Charlie Peters, who changed American politics through the low-budget magazine he created and the generations of journalists it trained, died on Thursday. He was 96.
Peters was the founder and longtime editor of the Washington Monthly, which he launched in 1969 after a career in politics that included a brief stint in the legislature of his native West Virginia and then a job in the administration of President John F. Kennedy’s Peace Corps.
Peters became disillusioned with politics during the Vietnam War, he would later say, and was inspired by longtime Time publisher Henry Luce that the way to promote change was through journalism ― and, more specifically, by establishing a publication with a clear point of view.
Peters was a self-described New Dealer. But he had also come to believe that the Democratic Party, its constituent groups and some cherished ideas about liberalism needed more scrutiny, because he thought they were undermining the broader liberal cause.
Peters was a longtime champion of national health insurance, for example, but believed bloated government bureaucracies frequently ran programs inefficiently or provided public services poorly. He loved to preach the virtues of equality and despised America’s increasing social stratification, but was regularly critical of unions that he said were unresponsive to their own members and had made the economy less dynamic.
Those beliefs made Peters one of the original promoters of “neoliberalism,” a term many credited him with introducing to the political lexicon, although as American politics and the Democratic Party drifted to the right in the 1980s and 1990s, Peters became remained vocal in his insistence that government take action to guarantee economic security and check corporate power.
Peters believed that probing, aggressive journalism was a key part of his broader project to steer American politics. That included old-fashioned investigative journalism, like an article on rocket booster problems in the space shuttle that appeared years before the booster problems destroyed the shuttle Challenger after liftoff. It also included scathing social commentary, including a 1975 essay called “What Did You Do In the Class War, Daddy?” on how richer kids had used deferments to avoid the Vietnam draft.
James Fallows, author of the article on Vietnam, wrote in a remembrance Thursday that Peters believed America “should be patriotic but not jingoistic, that it can respect the military without being pro-war, that it can celebrate ambition and entrepreneurship without forgetting those left behind, that it should be skeptical of government failures precisely because effective government is so crucial to America’s success.”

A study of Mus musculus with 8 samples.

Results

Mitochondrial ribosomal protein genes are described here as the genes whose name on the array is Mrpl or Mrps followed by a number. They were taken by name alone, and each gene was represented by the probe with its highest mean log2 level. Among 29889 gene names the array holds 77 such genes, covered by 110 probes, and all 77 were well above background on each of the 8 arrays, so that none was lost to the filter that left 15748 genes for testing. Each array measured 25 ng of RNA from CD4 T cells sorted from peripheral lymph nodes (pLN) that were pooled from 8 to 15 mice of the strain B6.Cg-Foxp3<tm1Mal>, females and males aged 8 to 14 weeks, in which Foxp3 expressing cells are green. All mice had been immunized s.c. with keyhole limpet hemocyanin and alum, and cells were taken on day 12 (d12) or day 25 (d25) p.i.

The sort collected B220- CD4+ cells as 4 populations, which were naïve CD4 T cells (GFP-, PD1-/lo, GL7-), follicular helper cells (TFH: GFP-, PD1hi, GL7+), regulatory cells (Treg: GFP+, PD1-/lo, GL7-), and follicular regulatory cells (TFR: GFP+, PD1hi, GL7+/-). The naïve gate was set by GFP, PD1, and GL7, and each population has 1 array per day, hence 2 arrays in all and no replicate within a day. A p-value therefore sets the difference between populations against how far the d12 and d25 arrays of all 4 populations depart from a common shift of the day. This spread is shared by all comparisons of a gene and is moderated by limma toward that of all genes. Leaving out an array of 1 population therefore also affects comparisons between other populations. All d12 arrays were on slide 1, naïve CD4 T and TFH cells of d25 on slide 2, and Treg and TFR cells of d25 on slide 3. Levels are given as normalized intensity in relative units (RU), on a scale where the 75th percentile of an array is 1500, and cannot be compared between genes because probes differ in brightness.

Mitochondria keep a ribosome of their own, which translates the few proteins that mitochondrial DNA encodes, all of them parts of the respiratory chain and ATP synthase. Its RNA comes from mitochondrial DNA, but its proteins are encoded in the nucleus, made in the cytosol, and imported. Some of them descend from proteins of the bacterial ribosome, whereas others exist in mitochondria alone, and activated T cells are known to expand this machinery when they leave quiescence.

Fallows wrote the Vietnam draft article when he was just a few years out of college, at the beginning of a distinguished career that has included decades of writing for The Atlantic and several books. That was an altogether typical trajectory for Monthly writers, whom Peters would recruit at young ages and dispatch to write articles that would inevitably catch the eyes of hiring editors at bigger publications.
Prominent Monthly alumni include Pulitzer Prize-winning authors Katherine Boo, Taylor Branch and Jon Meacham; longtime New Republic writer and editor Michael Kinsley; former New Yorker correspondents and award-winning authors Nicholas Lemann and Suzannah Lessard; and literally dozens of other journalists who now staff newsrooms and broadcast studios across the country.
Also among the Monthly’s high-profile alums is former Clinton White House speechwriter Paul Glastris, who took over the publication in 2001 and has presided over it ever since.
Over the past two decades, the Monthly has cut its print frequency while publishing more online, like most publications of its vintage have. It has also introduced some new features, including an alternative college rankings guide that emphasizes support for social and economic mobility ― something very much in line with Peters’ preachings.
Peters remained involved with the magazine even after stepping down as editor-in-chief, and in 2017 published a book called “We Do Our Part” that ― among other things ― reaffirmed his belief in the importance of public service, especially for the wealthiest and best-educated Americans who had lost touch with the experience of average Americans.
“Peters reminds us that government service was once a broadly shared and elite experience and value,” Glastris wrote in the Monthly after the book’s publication. “To cure the fever, today’s liberals must figure out how to make it so again.”